1. Vinatieri is still spelled M-O-N-E-Y: There have been moments in the last two seasons that Adam Vinatieri has shown signs of wearing down after 13 NFL seasons. He's not as consistent from distance and can be shaking away from the friendly confines of home. But late in a game, with the outcome on the line, who would you rather have kicking?
Adam Vinatieri is the best clutch kicker in the history of the NFL. He proved that again Sunday night.
Robert Mathis continues to terrorize opposing quarterbacks
AP Photo/Lenny Ignelzi
2. Freeney and Mathis are officially playing like Freeney and Mathis: Dwight Freeney was having so much success with both the speed and bull rush to consistently beat Pro Bowl LT Marcus McNeill that the Chargers had to change protection schemes in the 2nd half and have OG Kris Dielman help the two-time Pro Bowler with Freeney.
With San Diego threatening to open the second half with a score, Mathis forced a huge fumble on Rivers deep in Colts territory. With Freeney now drawing more consistent double teams, it should also help create plenty of one-on-one blocking situations for Mathis.
Indianapolis's ability to get constant pressure with the front four makes the 7 players behind them even better, especially the secondary — which is very important because the Colts defensive backs are still giving up a few too many third-and-longs for first downs each week.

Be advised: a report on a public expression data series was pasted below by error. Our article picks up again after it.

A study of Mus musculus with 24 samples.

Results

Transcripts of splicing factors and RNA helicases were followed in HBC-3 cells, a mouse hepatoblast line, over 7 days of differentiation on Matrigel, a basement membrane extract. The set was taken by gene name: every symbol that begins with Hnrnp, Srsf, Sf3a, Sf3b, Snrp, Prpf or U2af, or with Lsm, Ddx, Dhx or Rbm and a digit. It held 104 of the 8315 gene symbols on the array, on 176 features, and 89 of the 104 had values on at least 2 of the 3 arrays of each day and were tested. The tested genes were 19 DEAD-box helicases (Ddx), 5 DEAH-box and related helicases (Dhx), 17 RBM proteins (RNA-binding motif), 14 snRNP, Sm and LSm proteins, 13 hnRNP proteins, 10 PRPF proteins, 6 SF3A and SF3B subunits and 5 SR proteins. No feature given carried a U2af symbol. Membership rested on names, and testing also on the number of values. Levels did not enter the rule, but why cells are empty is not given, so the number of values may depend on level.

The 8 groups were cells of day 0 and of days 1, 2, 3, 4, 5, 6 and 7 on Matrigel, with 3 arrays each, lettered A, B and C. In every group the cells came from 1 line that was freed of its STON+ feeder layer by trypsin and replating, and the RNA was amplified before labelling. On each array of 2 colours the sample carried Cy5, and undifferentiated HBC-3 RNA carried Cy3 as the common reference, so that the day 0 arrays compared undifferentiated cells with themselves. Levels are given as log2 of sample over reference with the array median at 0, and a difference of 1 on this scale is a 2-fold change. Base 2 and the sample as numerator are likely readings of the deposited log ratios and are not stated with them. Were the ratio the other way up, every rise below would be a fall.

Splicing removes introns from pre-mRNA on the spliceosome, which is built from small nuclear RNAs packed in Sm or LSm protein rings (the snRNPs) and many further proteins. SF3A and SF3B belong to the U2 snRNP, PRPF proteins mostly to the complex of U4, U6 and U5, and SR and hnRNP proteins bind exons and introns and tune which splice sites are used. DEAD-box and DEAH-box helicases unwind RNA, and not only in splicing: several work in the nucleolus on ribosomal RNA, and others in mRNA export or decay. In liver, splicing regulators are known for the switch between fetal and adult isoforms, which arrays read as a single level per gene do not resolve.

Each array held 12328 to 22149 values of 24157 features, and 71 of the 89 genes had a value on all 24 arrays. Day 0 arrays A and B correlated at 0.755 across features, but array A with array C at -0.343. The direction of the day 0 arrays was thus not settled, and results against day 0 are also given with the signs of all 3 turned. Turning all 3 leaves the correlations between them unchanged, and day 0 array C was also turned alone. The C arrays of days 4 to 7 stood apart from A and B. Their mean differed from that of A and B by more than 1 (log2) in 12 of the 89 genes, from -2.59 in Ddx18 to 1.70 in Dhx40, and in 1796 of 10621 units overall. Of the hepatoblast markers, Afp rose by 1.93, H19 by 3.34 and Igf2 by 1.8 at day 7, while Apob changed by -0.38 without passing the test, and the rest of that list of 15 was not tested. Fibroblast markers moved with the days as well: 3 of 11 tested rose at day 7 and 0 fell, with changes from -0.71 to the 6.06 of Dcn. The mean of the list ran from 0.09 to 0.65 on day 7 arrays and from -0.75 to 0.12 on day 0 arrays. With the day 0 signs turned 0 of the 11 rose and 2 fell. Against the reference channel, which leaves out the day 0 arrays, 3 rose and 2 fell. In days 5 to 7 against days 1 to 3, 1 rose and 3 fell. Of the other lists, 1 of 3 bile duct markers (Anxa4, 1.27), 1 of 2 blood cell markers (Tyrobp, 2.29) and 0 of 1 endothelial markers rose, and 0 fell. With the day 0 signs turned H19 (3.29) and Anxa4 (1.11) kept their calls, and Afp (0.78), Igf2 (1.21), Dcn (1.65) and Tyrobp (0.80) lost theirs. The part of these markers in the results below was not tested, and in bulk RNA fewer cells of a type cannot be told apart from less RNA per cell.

3. Coverage breakdowns on third-and-long still need to be cleaned up: The Colts still had problems getting off the field on third down. All in all it was a bad performance as San Diego was only 6-for-12 on third down for a 50 percent efficiency. But a couple of plays stick out.
On third-and-eight, pinned back on their own 14, QB Phillip Rivers completed a pass over the middle to Malcolm Floyd for 23 yards. San Diego capped that drive with a touchdown. Later, on third and third from their own 25, Rivers completed another deep pass over the middle to Floyd for 31 yards.
The coverage breakdowns here were simply a Charger receiver finding the seam in the middle of the Colts defense. Indianapolis needs to tighten that up from here on out. It also clears the middle of the field when the safeties decide to provide over the top cover to the outside receivers.
4. It's time for the Peyton Manning for MVP campaign begin in earnest: Long-time Peyton Manning critic and Patriots die-hard Bill Simmons over at ESPN sums it up well: "If Tom Brady played every down after two summer knee surgeries, limped around for all of September, kept his injury-depleted team alive with some clutch plays, rounded into shape and improbably positioned his team as a sleeper contender, I'd be covered in body oil and sparkle right now. Peyton Manning has to be the MVP through 11 weeks. As Mike "I Wish I Could Go Back In Time And Talk Dog Out of Leaving" Francesa would say, that is a yooge, YOOGE job by Peyton Manning. Gotta hand it to him."
Gotta hand it to him is right. Given what he's had to overcome when it's all said and done we might be calling this Manning's best performance. Yes, even better than the Super Bowl year or the 49-touchdown season.
5. Go to Gonzo: Second-year receiver Anthony Gonzalez is developing into a third-down security blanket. Much like Brandon Stokeley, when healthy, was for Peyton Manning a few years back, Gonzalez has moved up the Manning progression chart. Like Brandon, Gonzo is helped by the fact that he sees nothing but single coverage. He has a knack for knowing where the markers are.
As Peyton Manning's confidence in Gonzalez grows, the receiver will see more and more throws his way.